From NY Newsday Nov 20, 2001
Brendan and Kristy Ryan knew each other most of their lives. They were best friends, soulmates and, for 94 days, husband and wife.
"We knew each other when we were 12 years old, and we always knew we would end up together," said Brendan Ryan, who married Kristy on June 9. "My heart goes out to the fiancees affected by this tragedy. When I talk about it, I can say, 'Kristy is my wife.' At least we had our day. I'll always have that to hold on to."
Kristy Irvine Ryan was an equities trader for Sandler O'Neill and Partners and worked on the 104th floor of Two World Trade Center. On the morning of Sept. 11, she spoke to Brendan three times.
"She was very calm and very poised," said Brendan, 30. "She said they made an announcement that the fire was contained and the building was safe. When the second plane hit, the phone went dead. She called right back and said, 'We're going down now.'
"I said, 'I love you' and 'call me when you get down.' The more I kept seeing the replay of the second plane, I knew."
Kristy, 30, grew up in Huntington and graduated from St. Anthony's High School and the University of Dayton in Ohio. She enjoyed reading novels, writing, listening to music and taking walks in the couple's Greenwich Village neighborhood. The things most dear to her were her husband and family and the idea of helping others.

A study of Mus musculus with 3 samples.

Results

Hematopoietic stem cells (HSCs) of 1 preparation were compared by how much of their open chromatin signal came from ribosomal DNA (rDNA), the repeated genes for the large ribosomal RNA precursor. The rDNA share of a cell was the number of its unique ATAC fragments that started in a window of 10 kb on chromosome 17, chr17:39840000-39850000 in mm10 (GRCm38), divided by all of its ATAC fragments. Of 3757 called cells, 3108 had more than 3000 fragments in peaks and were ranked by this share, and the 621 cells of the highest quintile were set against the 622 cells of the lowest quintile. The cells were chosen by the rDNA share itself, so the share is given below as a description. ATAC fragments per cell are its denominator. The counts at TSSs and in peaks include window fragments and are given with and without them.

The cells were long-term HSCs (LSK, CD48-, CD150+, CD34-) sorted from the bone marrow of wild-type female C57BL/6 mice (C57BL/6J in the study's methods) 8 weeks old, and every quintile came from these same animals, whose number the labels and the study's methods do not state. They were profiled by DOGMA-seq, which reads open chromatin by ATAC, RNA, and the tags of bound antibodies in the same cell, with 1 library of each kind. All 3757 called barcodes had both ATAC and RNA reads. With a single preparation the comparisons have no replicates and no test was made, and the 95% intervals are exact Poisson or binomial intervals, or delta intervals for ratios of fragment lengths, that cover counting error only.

"I always looked up to her in so many ways," said her sister Michelle, 27, who lives in Tucson, Ariz. "Because we were close in age, I could tell her anything. She was a great listener, and she was such a great friend."
Kristy's gift for listening often made her the sister each sibling confided in. "She was my anchor," said her sister Wendy Toomey, 35, of Cary, N.C. "She was always there for you. She had time for everybody whether her day was busy or not. She was very involved in my children's lives. I named my daughter Kristin after her, and she's godmother to my son, Dean."
In 1999, she and friends Meredith O'Neal and Louise Rexer started a charity called Secret Smiles. They would anonymously provide families with gifts or other basic necessities during the holidays. One year, they delivered a stove to a family.
"The funny thing about Secret Smiles is that she never talked about it," Michelle said. "It really was a secret. She never wanted to show it off. It started as something small and just grew and grew."
Brendan Ryan, a keyboard player for the rock group the Bogmen, will carry on her mission with Secret Smiles. The Bogmen, who broke up in 1999, are reuniting for a benefit concert in Kristy's honor on Dec. 15 at Irving Plaza.
"My therapy is to help other people through this," Brendan said.
Kristy is also survived by sisters Tracy Janess, of Dayton, Ohio, and Kerry Irvine of Manhattan; her father, Stu Irvine of Huntington, and five nieces and nephews.